U.S. Drivers Can See $1.50 Gasoline for First Time Since 2009Mark Shenk
Average retail price falls to lowest in seven years: AAA
WTI crude slips to lowest level since 2003 amid supply glut
American drivers are within shouting distance of $1.50 a gallon for the first time since 2009.
Thanks to a glut of oil that has spurred refiners to make as much fuel as they can, pump prices nationwide are down about 26 cents a gallon from a year ago, which is translating into almost $80 million a day in savings for U.S. drivers, according to Michael Green, a spokesman in Washington for AAA.
Oklahoma was the first state to drop below $1.50 and has the cheapest prices in the country at $1.489 a gallon, more than 30 cents below the national average, AAA data show.
U.S. prices may fall as low as the $1.60s in the next month before rebounding, according to Patrick DeHaan, a Chicago-based senior petroleum analyst at GasBuddy Organization, which tracks filling station prices. "Demand is very weak because of the time of year and supplies are the highest in a very long time."
Consumers are benefiting from a 68 percent drop in West Texas Intermediate crude over the past 19 months that has boosted refiners’ profit margins, encouraging them to produce record amounts of fuel. WTI dropped to $26.19 a barrel on Jan. 20, the lowest since May 2003.
The average price of regular gasoline nationwide was $1.795 a gallon on Sunday, the lowest since January 2009, according to Heathrow, Florida-based AAA, a national federation of motor clubs. Prices reached a record $4.114 in July 2008. Gasoline futures touched 99.24 cents a gallon on Jan. 27, the lowest in seven years.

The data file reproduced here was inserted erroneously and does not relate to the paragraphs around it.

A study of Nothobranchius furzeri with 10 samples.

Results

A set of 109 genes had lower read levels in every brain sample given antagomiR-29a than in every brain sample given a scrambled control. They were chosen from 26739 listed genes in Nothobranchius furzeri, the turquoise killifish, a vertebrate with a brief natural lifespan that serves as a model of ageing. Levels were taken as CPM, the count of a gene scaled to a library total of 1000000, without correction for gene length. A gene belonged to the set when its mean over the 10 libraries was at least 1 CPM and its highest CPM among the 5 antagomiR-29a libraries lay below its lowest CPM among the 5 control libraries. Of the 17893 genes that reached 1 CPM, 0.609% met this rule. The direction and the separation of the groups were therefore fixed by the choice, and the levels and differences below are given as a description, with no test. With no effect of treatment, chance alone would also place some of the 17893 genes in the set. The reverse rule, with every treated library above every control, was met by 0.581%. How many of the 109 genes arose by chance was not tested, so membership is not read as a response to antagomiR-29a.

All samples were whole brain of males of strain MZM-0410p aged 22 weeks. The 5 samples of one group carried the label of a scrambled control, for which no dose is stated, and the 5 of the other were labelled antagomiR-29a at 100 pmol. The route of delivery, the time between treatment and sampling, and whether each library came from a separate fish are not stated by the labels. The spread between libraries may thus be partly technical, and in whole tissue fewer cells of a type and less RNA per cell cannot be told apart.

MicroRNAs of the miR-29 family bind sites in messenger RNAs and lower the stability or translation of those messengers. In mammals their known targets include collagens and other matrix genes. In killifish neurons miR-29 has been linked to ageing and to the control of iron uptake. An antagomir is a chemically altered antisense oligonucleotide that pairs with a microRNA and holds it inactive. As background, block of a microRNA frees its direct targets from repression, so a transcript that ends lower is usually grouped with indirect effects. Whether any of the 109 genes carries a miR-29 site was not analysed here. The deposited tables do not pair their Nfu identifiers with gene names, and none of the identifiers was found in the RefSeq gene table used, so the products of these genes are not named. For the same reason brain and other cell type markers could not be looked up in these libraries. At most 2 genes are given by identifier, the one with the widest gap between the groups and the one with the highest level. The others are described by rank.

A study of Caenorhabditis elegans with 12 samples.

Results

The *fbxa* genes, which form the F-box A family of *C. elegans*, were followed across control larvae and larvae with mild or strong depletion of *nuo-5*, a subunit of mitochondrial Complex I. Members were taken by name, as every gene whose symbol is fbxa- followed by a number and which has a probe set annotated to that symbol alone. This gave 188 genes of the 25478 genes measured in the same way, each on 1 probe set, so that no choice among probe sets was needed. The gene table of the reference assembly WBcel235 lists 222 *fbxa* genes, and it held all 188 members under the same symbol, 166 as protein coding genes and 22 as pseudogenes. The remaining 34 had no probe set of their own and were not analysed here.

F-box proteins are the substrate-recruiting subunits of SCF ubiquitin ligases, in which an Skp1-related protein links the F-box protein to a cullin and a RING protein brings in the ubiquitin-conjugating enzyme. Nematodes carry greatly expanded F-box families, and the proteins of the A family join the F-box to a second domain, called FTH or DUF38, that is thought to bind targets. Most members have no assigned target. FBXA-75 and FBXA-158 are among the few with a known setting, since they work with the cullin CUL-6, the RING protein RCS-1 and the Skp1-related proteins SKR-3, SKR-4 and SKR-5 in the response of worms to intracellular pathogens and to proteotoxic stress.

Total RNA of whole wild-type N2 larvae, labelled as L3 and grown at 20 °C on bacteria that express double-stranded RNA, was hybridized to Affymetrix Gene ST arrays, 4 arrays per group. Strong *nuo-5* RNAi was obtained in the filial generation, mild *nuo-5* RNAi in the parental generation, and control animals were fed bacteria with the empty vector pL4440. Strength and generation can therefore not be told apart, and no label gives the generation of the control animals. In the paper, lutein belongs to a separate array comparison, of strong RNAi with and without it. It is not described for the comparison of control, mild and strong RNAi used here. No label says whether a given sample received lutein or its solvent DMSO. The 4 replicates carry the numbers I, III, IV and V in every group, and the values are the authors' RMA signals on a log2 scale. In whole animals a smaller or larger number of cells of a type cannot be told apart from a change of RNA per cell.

Americans drove a record number of miles through the first 11 months of the year as companies hired workers and fuel prices sank. Gasoline averaged 94 cents a gallon less in 2015 than the prior year and the U.S. unemployment rate fell to the lowest since 2008.
"Lower gasoline prices give consumer sentiment a boost," said Michael Lynch, president of Strategic Energy & Economic Research in Winchester, Massachusetts. "The drop in pump prices gives the consumer a little more discretionary income to be spent elsewhere."
Ample supplies have protected against price shocks. Gasoline inventories at 248.5 million barrels as of Jan. 22 were the highest since 1990.
"Oil supply is very healthy and that’s trickled down to gasoline inventories," DeHaan said.
Gasoline prices should reach their seasonal low in the next month, according to DeHaan and Tim Evans, an energy analyst at Citi Futures Perspective in New York. Refineries will shut for work, reducing supply, and tighter environmental regulations make gasoline sold in spring and summer more expensive to produce.
Refiners are starting to take units offline already. Plants operated at 87.4 percent of capacity last week, the lowest since October, according to the EIA. Operations have dropped during the first quarter in eight of the past 10 years.
Even after the seasonal gain, prices should remain lower than in previous years, Lynch said. U.S. gasoline consumption typically peaks and prices climb between the Memorial Day holiday in late May and Labor Day in early September, when Americans traditionally take vacations.
"Prices are going to remain low going into summer," said Lynch. "There will be a lot of happy drivers heading to the beach and Disneyland this summer. We’ll be enjoying historically low prices for a long time."